Smart heating controls and radiator valves: what do they do and are they worth getting?
Many people will control their central heating by using a simple timer, combined with a thermostat, to set the temperature they desire throughout their house.
The downside with such a system is that you end up paying to heat rooms that you aren’t using, and you won’t always be at home at the times when the heating is set to come on.
So these basic controls, while useful, are fairly crude. This means you waste energy, unnecessarily adding to your bills, as well as your home’s impact on the environment.
But in recent years there have been technological leaps which enable people to take better control of the heating in their homes, without even necessarily upgrading their boiler (although that’s often a good idea).
There are broadly two main types of system to choose from if you want to move on from a simple thermostat and timer and take better control of how you heat your home: standalone smart heating controls and smart radiator valves, although the two are often combined.
Individual smart thermostats replace your existing system, allowing you to have greater control over your home heating. Brands such as Nest and Hive are among the better known brands, although others such as Tado and Genius Hub are giving them a run for their money.
At their most basic, smart heating controls take one single reading for your home. You can access and control your heating smart thermostat on the move using an app on your smartphone.
Basic smart heating controls don’t fix all of your problems though, as with one smart thermostat, you’ll still only be able to set one temperature for your whole home, so rooms that needn’t be warmed up will continue to be so.
Taking control of each room
Adding smart radiator valves can help you solve this problem as they enable you to control the temperature in each room. These gadgets fit onto your thermostatic radiator valves or TRVs (the common devices many people have on the ends of their radiators, with numbers round the side, that can be manually set to the right temperature). You don’t need fancy modern radiators, as smart radiator valves tend to work with all standard radiators.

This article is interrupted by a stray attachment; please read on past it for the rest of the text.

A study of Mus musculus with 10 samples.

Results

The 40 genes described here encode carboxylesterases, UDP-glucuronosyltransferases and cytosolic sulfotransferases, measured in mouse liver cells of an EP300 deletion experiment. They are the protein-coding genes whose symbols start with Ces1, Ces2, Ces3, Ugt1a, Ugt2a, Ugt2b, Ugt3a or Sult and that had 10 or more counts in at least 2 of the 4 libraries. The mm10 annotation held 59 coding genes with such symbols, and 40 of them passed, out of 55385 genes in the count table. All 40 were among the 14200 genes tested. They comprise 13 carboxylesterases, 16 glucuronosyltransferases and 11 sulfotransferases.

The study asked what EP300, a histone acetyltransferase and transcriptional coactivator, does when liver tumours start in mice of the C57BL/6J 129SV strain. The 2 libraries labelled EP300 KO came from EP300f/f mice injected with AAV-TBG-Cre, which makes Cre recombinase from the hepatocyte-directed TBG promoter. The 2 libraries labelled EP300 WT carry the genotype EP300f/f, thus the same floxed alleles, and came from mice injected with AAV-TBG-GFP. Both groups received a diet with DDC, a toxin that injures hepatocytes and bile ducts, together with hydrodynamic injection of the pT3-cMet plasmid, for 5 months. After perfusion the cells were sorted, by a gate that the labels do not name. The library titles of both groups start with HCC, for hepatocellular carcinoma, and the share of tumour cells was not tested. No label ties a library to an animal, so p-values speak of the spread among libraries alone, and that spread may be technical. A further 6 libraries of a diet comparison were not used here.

Once you combine a smart thermostat with individual radiator controls, you can choose and control temperatures for individual rooms in your house. You can then manage them on an app or home display screen, depending on which brand you opt for.
These smart heating controls are becoming increasingly sophisticated. For example, many can now be controlled by voice commands using Alexa, Siri or Google. Some systems, such as Tado, use geofencing via smartphones to detect when no one is home, and turn off the heating – and then turn it back on again when someone returns.
If you’re considering buying a smart thermostat, perhaps combined with thermostatic radiator valves, then Trusted Reviews has recently tested some of the best in the market, providing suggestions of the best picks for ease of installation, price and functionality.
Smart heating controls can save you money in the long term and reduce your impact on the environment. According to Energy Saving Trust, those savings could, on average, amount to £60 and 310kg of carbon dioxide each year (based on installing and correctly using a programmer, room thermostat and thermostatic radiator valves).
So smart technology is definitely worth considering if you want to take better control of your heating and bills. But before you start splashing your cash, you should take advantage of a simpler way to reduce your heating bill: turning the temperature down. If you reduce the temperature on your thermostat by just 1 degree, then you can save up to £75 and reduce your home’s carbon dioxide emissions by up to 320kg, all without you even noticing.